One of Test Valley’s MP’s has said that “women will die” because of proposed cuts to the UK’s foreign aid budget.

Caroline Nokes, whose constituency of Romsey and Southampton North covers must of Test Valley from Longparish southwards, is backing a push to reverse a proposed cut of almost £10 billion from the UK’s foreign aid spending. She has signed an amendment that seeks to force the government to spend 0.7 per cent of GDP on foreign aid.

Speaking to ITV’s Peston, she said: “It’s taken quite a lot of manoeuvring to find an opportunity to actually have a vote on this.

“I feel really strongly that we legislated for the 0.7 per cent commitment and the cuts are affecting women and girls.

“I am chair of the Women and Equalities Select Committee, the cuts of 85 per cent to family planning, the cuts to girls’ education – what we know from that is that if girls are not educated they won’t be empowered, they won’t be empowered if they are pregnant too early.

“Women will die because of these cuts to family planning so I have joined forces with colleagues to make sure we can have a vote on it and I will be voting to keep that 0.7%.”

In 2015, the government passed a law that mandated it to spend the equivalent of 0.7 per cent of GDP every year from that period on. Boris Johnson and the Conservative Party had pledged to maintain this in 2019, but cut it to 0.5 per cent during the pandemic, citing the economic issues Covid has created.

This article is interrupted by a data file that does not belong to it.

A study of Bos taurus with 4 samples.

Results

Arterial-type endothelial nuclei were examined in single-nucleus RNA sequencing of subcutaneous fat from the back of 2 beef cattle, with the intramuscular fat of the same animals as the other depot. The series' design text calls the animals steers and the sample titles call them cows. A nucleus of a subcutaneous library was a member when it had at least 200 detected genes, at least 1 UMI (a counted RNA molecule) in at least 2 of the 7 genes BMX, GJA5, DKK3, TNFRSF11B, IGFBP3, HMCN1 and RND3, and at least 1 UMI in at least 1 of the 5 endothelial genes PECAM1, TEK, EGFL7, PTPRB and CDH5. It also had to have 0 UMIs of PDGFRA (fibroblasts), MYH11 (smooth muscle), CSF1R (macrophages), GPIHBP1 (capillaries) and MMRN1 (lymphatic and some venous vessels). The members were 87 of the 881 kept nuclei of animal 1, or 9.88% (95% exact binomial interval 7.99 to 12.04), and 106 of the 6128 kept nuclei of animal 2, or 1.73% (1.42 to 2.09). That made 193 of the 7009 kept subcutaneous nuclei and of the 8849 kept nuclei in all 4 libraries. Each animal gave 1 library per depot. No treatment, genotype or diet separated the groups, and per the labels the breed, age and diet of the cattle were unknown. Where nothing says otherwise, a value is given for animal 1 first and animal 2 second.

Critics of the policy believe the cut will result in tens of thousands of deaths in other parts of the world. As a result, Conservative backbenchers against the plans, such as Caroline Nokes, are hoping to reverse the cut through an amendment proposed by Andrew Mitchell MP, and are confident they have the numbers to inflict a defeat on the government.

Andrew Mitchell has tabled an amendment to the Advanced Research and Invention Agency (Aria) Bill, a piece of legislation which establishes a new “high-risk, high-reward” research agency backed with £800 million of taxpayers’ cash to explore new ideas.

The explanatory note of Mr Mitchell’s amendment to the Bill says: “This new clause is intended to reaffirm the duty in the International Development (Official Development Assistance Target) Act 2015 for UK official development assistance (ODA) to amount to 0.7 per cent of gross national income each year.

“It would require Aria to make up any shortfall in that proportion from January 2022.”

Asked if the amendment would be binding on the Government, Ms Nokes said: “I think it’s very unclear at the moment and what we’ve seen the Government do so far is what I’d describe as cuts by stealth.

“So there hasn’t been an opportunity for Parliament to express its view on this with a vote.

“I very much hope it will be binding.

“I don’t want to see the Government try and find a way out of a commitment that we all signed up to just a few short years ago.”

However, the amendment must still be selected by Commons Speaker Sir Lindsay Hoyle for consideration when the bill enters the House of Commons on Monday, May 7.

In response to the claims regarding the aid cut, a Government spokesperson said: “In 2021 we will spend more than £10 billion to improve global health, fight poverty and tackle climate change.

“While the seismic impact of the pandemic has forced us to take tough but necessary decisions, the Government is committed to returning to spending 0.7% of GNI (gross national income) on aid when the fiscal situation allows.”